Cake Boss: 5/4/12
The past week has involved both an exciting new experience, and a quite negative new experience, accompanied by sick irony, reaffirming my belief in karma. My week was flush with medical circumstances, to say the least. In a matter of less than 24 hours I experienced the two extremes of the medical world — being the doctor, and being the patient.
My Friday morning began at 11 pm on the previous Thursday night, as I was driven to Highland Hospital in Oakland. I was to shadow an emergency room doctor there on his late night/early morning shift, from 11pm to 4:30 am. There I followed the doctor around, observing what was going on around me, which mostly consisted of visiting patients in the ER. Never in my life had I seen so many people with so many different medical issues. From abdomen pain to stab victims, you name it, they were there. Little did I know, only fifteen hours later, I would be in their position.
After waking up that morning, exhausted from my meager four hours of sleep, I slipped into my dress clothes for my big lacrosse game against Piedmont. I stepped onto the field at 5:30 pm, the long lasting rivalry between Berkeley and Piedmont strengthening my determination for the win. During the game I bent down for a ground ball. Suddenly I was checked in the back, sending me sprawling into the Piedmont player in front of me, who sent me flying to the ground with another check. My arm was broken. As I lay there writhing on the ground for a good minute, I thought about the kid’s arm who I had broken earlier this season. Oh the irony. I had just paid my dues to Karma, and soon found myself being driven to the ER by my dad, holding my limp arm in my right hand. Now instead of giving attention, I was receiving it.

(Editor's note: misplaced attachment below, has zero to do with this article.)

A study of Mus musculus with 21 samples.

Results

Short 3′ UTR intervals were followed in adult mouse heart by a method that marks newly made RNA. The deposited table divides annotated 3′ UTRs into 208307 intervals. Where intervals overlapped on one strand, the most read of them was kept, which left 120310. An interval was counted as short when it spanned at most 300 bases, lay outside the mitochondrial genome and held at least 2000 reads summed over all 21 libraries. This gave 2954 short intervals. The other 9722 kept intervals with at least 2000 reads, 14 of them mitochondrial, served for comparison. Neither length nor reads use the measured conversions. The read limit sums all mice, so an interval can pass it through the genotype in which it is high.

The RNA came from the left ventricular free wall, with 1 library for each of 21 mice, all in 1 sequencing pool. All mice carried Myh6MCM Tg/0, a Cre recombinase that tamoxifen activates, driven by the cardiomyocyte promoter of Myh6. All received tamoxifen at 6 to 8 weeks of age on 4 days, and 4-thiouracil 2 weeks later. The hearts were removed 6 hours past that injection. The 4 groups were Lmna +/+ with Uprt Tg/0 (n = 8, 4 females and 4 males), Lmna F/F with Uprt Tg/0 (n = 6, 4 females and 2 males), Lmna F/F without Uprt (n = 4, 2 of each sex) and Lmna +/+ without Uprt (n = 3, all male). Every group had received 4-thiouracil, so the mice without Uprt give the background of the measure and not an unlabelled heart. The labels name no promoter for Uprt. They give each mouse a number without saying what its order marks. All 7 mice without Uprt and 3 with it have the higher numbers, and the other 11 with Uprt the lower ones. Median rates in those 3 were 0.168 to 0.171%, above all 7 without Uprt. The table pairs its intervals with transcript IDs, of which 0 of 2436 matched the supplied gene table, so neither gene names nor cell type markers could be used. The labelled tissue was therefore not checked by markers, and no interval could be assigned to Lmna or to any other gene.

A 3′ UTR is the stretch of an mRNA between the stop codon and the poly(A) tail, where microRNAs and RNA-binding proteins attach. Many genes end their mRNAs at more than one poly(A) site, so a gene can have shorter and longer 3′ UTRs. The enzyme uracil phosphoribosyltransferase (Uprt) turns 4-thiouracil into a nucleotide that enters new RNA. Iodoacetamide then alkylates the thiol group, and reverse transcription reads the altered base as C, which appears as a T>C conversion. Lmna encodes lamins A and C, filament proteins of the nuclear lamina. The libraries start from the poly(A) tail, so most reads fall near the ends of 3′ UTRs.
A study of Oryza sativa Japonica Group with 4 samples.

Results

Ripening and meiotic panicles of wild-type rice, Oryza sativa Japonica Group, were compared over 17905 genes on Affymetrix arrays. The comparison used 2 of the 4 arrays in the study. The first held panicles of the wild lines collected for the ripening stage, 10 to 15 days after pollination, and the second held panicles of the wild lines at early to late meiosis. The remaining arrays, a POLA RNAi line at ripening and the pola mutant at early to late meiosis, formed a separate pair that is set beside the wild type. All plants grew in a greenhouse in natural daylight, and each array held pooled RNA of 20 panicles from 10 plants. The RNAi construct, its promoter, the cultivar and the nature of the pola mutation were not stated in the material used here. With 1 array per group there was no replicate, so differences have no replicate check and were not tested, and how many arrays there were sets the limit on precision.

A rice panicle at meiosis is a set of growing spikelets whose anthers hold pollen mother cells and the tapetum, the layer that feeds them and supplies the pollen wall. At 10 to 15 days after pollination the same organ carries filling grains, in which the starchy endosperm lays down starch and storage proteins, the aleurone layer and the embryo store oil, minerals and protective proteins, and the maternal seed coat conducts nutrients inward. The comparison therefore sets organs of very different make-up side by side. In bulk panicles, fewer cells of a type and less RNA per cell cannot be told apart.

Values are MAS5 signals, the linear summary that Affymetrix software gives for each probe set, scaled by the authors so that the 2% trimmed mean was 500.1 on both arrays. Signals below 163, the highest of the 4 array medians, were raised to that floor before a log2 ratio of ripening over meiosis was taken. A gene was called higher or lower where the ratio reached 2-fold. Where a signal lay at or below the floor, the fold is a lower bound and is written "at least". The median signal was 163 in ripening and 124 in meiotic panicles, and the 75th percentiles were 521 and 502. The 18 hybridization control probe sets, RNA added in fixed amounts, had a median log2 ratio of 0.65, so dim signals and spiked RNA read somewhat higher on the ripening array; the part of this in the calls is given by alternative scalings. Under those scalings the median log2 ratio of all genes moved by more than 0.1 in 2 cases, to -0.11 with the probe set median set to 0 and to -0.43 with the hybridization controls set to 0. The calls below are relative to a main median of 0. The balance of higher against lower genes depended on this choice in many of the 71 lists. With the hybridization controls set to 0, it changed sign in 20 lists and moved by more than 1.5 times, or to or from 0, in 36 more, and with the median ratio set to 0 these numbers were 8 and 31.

After such an eventful 24 hours, I find I now believe in karma — not in a superstitious way, but in a more explicable way. I truly believe that we live in a society in which what goes around comes around. Although breaking my arm playing lacrosse after breaking someone else’s earlier seems and most likely is coincidental, these events gave me insight into the cycle of actions and consequences present in our society. Every day, people and especially teenagers make decisions without thinking about their consequences. Although it may seem okay at the time, many decisions become regrettable because of the consequences. For example, the decision to steal without the owner knowing can lead up to serious guilt and regret, almost serving as a natural punishment for the thief’s offense. More generally, the worse a life somebody leads, the worse it will most likely end up. All negative events happening to a person can often be attributed to previous negative actions. Leading a life of positive actions will create positive repercussions, resulting in an enjoyable, and what I believe to be a successful lifestyle. In essence, don’t act impulsively, and remember to look before you jump.